Why does Queen Elizabeth II have two birthdays a year?
Queen Elizabeth II's honorary birthday will be celebrated by millions of people across Britain this weekend, a tradition that dates back to the 18th century.
Today marks the beginning of a weekend of festivities throughout Britain, as Queen Elizabeth II's subjects come together to celebrate her official 90th birthday with a countrywide celebration.
But wait – haven't we already celebrated the queen's 90th birthday this year?
As it happens, Queen Elizabeth celebrates two birthdays each year, a royal tradition that began in the 18th century and has carried on to this day. Her real birthday is April 21.
Since 1748, during the reign of King George II, English sovereigns have celebrated a private birthday and an official birthday. In order to ensure the best of Britain's notorious weather so that outdoors celebrations don't get rained out, the official celebration is held each year in early June.
This year, the queen's official birthday coincides with her husband's real birthday. Prince Philip, the Duke of Edinburgh, turns 95 today.
Dignitaries kicked off the weekend with a service in the queen's name at St. Paul's cathedral on Friday, thanking her for 64 years of steadfast leadership.
"We look back on Your Majesty's 90 years in the life of our nation with deep wonder and profound gratitude," the Archbishop of Canterbury, Justin Welby, said to hundreds of attendees, including 50 members of the extended royal family. "Through war and hardship, through turmoil and change, we have been fearfully and wonderfully sustained."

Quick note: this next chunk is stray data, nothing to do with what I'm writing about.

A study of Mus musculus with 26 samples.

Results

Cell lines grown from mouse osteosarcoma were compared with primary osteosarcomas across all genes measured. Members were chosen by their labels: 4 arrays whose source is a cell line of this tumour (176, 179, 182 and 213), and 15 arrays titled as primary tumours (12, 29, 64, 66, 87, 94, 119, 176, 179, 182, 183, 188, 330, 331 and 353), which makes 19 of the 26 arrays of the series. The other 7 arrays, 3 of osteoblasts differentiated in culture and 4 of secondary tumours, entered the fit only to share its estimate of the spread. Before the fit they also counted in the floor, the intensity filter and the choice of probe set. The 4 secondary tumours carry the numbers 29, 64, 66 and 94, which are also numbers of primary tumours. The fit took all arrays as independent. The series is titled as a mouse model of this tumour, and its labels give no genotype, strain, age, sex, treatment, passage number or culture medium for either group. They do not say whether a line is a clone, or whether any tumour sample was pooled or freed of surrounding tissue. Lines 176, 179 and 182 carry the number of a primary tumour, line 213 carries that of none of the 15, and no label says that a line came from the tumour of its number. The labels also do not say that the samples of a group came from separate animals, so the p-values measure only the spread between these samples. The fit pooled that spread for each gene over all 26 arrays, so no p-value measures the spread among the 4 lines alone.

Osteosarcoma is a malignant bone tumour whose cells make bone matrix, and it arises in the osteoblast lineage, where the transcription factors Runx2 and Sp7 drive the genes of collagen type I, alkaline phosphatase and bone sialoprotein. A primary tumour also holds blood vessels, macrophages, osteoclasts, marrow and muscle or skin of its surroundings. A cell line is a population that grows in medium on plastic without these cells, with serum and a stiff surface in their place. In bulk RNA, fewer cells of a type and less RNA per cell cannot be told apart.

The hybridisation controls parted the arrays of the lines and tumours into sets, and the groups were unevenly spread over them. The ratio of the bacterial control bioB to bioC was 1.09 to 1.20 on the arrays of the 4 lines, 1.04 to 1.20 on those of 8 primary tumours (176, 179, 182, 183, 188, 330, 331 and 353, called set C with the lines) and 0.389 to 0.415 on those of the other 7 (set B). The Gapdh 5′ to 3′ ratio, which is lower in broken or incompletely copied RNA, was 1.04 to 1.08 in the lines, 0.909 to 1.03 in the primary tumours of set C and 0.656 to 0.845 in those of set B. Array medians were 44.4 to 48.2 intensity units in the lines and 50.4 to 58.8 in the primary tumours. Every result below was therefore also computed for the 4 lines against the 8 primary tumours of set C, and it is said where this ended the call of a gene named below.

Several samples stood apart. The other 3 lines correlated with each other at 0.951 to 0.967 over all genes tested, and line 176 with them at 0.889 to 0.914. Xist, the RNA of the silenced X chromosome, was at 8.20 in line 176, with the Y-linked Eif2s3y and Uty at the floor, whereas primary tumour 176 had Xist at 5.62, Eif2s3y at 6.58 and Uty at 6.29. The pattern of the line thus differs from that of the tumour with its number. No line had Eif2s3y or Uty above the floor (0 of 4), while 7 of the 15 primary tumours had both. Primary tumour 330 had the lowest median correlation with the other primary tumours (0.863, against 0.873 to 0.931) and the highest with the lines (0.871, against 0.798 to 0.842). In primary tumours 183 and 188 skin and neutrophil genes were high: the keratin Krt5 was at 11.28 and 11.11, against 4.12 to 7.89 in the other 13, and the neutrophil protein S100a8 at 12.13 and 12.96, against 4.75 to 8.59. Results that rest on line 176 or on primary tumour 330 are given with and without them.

The Archbishop of Canterbury was not the only one to praise the queen, whose six decades of leadership have seen the first moon landings, Britain's first female Prime Minister, and the advent of the internet.
Through it all, said the Very Reverent David Ison, the queen has ruled her people with, "faithful devotion, dutiful commitment, loving leadership, gentle constancy, royal dignity and kindly humanity."
Friday's service at St. Paul's will be followed by events throughout the weekend, including a 10,000 person picnic lunch on Sunday, thousands of smaller events throughout the British Isles, and most magnificently, the famous Trooping of the Color ceremony, scheduled for tomorrow.
Just like the changing of the guard, and the celebration of monarchs' birthdays when the weather is fine, the Trooping of the Color ceremony is an old British tradition.
On Saturday, the queen will proceed down the Mall from Buckingham Palace towards the Horse Guards Parade grounds near St. James' Court, escorted by the Household Cavalry.
When she reaches the grounds, she will review the troops, which include the Household Division and the King's Royal Troop, Royal Horse Artillary. Four hundred musicians will also present a musical program that includes England's national anthem and various marches.
The ceremony's name, Trooping the Color, comes from a portion of the ceremony, during which a featured regiment troops (or marches) its regimental flag (or 'color') through the assembled troops.
All together, 1,400 soldiers, 200 horses, and 400 musicians take part in the Trooping of the Color, forming an impressive display that has occurred on the sovereign's official birthday since 1748.
Although Queen Elizabeth has conducted this ceremony from the comfort of a carriage since 1987, she used to review the troops by horseback, undeterred by a shooting scare in 1981.
The display concludes with the queen's march back to Buckingham Palace, where she will watch a decidedly modern tradition, a Royal Air Force flypast, from the balcony.
On Sunday, organizers expect to see 10 million people across the country celebrate Queen Elizabeth's birthday at local street parties. On London’s Mall alone, a 10,000 person Patron's Lunch is scheduled to take place.